Fleet maintenance is essential. Brake maintenance should be near the top of the priority list for any fleet manager. Brake failure is not something any driver wants to experience. Failing hydraulic brakes brings the danger of injury, crashes, or emergency roadside breakdowns. That’s where fleet maintenance comes into play to prevent those things from ever happening.
Read on to learn some preventative care and fleet maintenance tips for your hydraulic brakes:
Check For Brake Tube Contact
Excess contact on a braking system’s parts, outside of regular contact from braking, can quickly lead to premature wear of the system. As the tubing in a hydraulic system wears out, it risks the brake fluid leaking and causing severe damage. It can also lead to brake failure with hydraulic brakes because as the fluid is lost, the brake pressure is also lost. If that happens, the vehicle won’t be able to stop.
Keep The Caliper Pads And Guide Pins Lubricated
Caliper pads play a significant role in extending the overall life of the brakes and brake pads. When working correctly, the caliper applies even force across the brake pad to slow the vehicle. The caliper guide pins help angle the brake pad for smooth stopping.
Misaligned pins, corrosion, or inadequate lubrication can all cause the pins to become stuck. If that happens, the vehicle either can’t stop properly, or the brake pads will press against the rotor at the wrong angle. Over time, that can cause the rotor to become warped or damaged and need replacing. Proper lubrication will keep the guide pins moving smoothly. So will cleaning away any dirt or grease from the pinholes. Corroded or damaged guide pins will need to be taken to a professional to repair.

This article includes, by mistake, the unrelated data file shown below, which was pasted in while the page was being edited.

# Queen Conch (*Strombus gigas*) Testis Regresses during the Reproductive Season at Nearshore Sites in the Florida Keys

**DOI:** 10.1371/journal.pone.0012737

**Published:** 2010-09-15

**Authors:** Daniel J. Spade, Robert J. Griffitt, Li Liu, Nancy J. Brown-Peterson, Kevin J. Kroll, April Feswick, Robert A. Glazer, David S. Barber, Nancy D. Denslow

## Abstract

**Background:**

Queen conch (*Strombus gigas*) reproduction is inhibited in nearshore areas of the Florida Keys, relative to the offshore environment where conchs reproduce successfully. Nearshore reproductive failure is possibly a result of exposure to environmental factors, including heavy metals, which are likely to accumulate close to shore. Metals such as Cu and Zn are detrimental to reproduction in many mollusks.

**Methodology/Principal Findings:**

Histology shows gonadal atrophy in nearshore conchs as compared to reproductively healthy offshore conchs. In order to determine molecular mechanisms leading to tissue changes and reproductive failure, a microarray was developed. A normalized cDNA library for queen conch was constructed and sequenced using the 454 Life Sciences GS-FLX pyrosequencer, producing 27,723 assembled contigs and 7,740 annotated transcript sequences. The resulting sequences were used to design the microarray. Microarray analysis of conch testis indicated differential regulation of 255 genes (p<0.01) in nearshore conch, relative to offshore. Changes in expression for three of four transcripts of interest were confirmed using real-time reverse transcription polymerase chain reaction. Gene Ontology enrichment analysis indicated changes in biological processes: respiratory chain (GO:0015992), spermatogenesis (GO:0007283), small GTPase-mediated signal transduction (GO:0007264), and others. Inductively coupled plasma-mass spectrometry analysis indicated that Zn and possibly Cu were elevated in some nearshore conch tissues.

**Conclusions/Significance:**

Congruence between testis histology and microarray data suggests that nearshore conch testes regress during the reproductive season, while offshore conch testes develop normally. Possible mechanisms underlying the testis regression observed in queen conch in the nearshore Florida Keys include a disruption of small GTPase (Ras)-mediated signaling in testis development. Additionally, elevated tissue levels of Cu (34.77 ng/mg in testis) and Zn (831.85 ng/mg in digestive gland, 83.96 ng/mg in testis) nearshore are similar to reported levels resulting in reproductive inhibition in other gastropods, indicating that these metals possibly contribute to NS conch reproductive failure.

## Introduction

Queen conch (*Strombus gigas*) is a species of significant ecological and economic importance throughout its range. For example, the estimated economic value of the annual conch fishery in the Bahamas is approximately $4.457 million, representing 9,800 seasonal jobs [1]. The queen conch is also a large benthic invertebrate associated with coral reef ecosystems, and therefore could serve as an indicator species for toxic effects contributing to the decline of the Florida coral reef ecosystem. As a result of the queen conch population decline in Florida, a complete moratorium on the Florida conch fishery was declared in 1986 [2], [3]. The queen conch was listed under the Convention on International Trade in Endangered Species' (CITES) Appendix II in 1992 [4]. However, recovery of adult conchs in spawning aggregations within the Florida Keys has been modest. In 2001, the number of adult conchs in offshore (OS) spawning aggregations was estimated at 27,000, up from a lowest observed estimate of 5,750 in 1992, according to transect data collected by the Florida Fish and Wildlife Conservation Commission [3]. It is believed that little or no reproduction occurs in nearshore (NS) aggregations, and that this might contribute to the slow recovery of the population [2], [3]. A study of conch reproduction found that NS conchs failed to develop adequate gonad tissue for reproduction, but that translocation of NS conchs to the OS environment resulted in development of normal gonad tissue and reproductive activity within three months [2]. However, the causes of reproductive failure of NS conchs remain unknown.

Replace Brake Pads Regularly
Brake pads will eventually wear down and need replacing. With worn out brake pads, the brake rotor and caliper parts all risk overworking and wearing out.
Generally, brake pads can last for thousands of miles, but it also depends on the type of vehicle and driving style. Urban areas, compared to commuting traffic, for example, will lead to wear at different rates.
As a general rule, follow the driver’s manual guideline for when to replace the brake pads. Since replacing brake pads involves the brake rotor, caliper pads, and guide pins, it’s worth checking every part during any replacements and fleet maintenance.
Always Check The Brake Fluid
Brake fluid is the most critical part of a hydraulic braking system. Without it, the system falls apart. The fluid itself does have a lifespan and can run the risk of wearing out. Regular driving and braking create a continuous exchange of heat that passes into the fluid. Over time, the combination of heat and oxygen passing into the brake fluid causes it to break down.
The main risk of that is corrosion building up inside the hydraulic brakes, which leads to blocks and brake failure. During oil checks and changes, also test the brake fluid’s copper levels with a strip test. Always change brake fluid before the copper levels reach 200 ppm. Checking and changing brake fluid should be a regular part of your fleet maintenance regime.
Get a Professional Inspection
Regular fleet maintenance is one part of the equation, but so is getting professional maintenance and inspections. While pre-and post-trip checks can catch obvious issues, a professional can see less obvious signs of trouble. Any parts that are blocked or showing signs of wear will be cleaned, cleared, or replaced to prevent accidents. With professional fleet maintenance and proactive driver maintenance, those hydraulic brakes will stay in top condition.
Need professional hydraulic brake maintenance? Motorplex is here to help! With shops in Auburn and Spokane, WA, our team is ready and waiting. Contact us now to book an appointment in Auburn, WA or Spokane, WA!